One critical flaw that has hobbled and even killed companies is not managing growth. Companies that don’t manage their growth produce unhappy customers, unhappy vendors, unhappy franchisees and sometimes, spectacular flame outs. Why would a company put itself in this position? Lots of reasons . . . attempting to grab market share, be the first into a new market and dominate a niche, management hubris or just plain greed.
Here’s an example of management hubris: I interviewed for an executive position with a $700 million company that started growing extremely rapidly (It had doubled in the past 2 years.). I spent 1.5 hours with their head of HR. He told me, “We don’t have competition” and “I’d rather have someone do C+ work and get it done tomorrow than A work and get it done next week.” Those sort of red flags say to me that when this company falls, it’s going to fall hard.
Two companies that should’ve been category killers, but ended up flaming out, are Boston Chicken (which changed its name to Boston Market) and Krispy Kreme Donuts. Both had fanatics among customers and captivating products. Both were loved by Wall Street. In both cases, there was no dominant national chain in their niche, a la McDonalds in the hamburger category (KFC offered fried, not rotisserie, chicken.). Both flamed out.
In Boston Market’s case, large loans fueled growth that occurred much too quickly. Essentially, the company began to see itself as a financial, not food service, company, making money selling franchises instead of focusing on growing steadily and producing high quality meals. The company failed to build a strong management team and had high executive turnover. Food quality varied from unit to unit and even in individual units, depending on the time of day and number of customers. Even its marketing strategy, with constant coupons, led to higher growth and lower margins. Eventually, it filed for bankruptcy.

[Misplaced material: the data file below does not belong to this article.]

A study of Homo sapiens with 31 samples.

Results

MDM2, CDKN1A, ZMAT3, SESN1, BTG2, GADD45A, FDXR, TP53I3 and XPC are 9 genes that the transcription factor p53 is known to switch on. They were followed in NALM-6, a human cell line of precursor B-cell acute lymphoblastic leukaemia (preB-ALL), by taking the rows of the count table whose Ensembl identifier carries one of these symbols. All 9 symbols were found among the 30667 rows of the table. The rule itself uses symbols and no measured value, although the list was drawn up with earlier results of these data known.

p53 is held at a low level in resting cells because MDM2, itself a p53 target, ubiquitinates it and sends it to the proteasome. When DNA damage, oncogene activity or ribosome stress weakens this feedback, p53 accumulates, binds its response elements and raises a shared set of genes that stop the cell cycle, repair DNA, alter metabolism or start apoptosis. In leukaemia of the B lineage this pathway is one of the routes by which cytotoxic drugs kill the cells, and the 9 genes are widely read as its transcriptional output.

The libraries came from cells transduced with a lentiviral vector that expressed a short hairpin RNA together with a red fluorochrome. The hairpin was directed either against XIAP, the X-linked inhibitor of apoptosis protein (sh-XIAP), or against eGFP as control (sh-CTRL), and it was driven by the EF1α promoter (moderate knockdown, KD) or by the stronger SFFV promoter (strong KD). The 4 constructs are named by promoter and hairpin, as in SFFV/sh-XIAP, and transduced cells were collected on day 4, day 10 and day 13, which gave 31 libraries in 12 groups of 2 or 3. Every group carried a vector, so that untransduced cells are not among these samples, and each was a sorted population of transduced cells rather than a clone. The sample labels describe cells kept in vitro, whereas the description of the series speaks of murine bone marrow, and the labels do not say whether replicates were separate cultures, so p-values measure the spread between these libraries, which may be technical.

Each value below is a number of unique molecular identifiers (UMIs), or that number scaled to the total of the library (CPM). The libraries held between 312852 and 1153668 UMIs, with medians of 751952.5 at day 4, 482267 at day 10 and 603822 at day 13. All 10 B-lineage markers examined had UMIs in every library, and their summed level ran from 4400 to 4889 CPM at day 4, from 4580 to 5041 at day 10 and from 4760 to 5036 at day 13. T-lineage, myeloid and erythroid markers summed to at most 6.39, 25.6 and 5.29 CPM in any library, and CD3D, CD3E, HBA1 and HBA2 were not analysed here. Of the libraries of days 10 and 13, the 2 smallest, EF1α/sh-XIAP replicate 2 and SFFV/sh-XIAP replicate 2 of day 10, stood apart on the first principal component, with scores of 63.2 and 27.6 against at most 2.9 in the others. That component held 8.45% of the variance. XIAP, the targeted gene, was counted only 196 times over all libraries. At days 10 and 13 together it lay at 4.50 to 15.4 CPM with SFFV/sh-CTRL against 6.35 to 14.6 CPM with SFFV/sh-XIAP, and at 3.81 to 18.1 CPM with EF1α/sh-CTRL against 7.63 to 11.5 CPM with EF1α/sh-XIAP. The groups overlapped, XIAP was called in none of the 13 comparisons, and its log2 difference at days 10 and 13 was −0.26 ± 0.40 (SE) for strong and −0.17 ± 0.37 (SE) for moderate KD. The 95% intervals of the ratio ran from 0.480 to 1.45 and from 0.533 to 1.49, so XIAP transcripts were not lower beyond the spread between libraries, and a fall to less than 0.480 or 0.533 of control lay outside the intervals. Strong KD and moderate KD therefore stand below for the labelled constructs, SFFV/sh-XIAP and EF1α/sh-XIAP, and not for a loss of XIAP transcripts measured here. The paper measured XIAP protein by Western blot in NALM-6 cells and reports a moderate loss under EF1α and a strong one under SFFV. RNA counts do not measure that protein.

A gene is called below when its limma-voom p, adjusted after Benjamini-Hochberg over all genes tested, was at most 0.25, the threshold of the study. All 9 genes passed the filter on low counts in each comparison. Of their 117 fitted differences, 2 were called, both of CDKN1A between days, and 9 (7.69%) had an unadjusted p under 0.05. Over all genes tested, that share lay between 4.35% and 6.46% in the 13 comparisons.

When Krispy Kreme opened in new areas, cars waited in long lines. Although founded in 1937, its downturn came when it saw how lucrative franchising could be. It sold its first franchise in 1995 and went public in 2000. Its stock soared. Yet it grew too rapidly without addressing a fundamental flaw: stores that were too big – for selling just doughnuts – and cost too much to operate. Some stores were too close together. The company later began selling doughnuts to supermarkets, cannibalizing franchisees’ sales and flooding the market with product, lessening its cachet. Franchisees paid high equipment and supply fees. Ninety percent of sales were doughnuts, a much higher rate than competitors that diversified their offerings. In other words, the company grew much too rapidly without first proving their franchise model.
On June 29, private equity firm MGL Asset Management Group LLC bid $7.25/share to take the company private. But the company once traded at almost $50/share.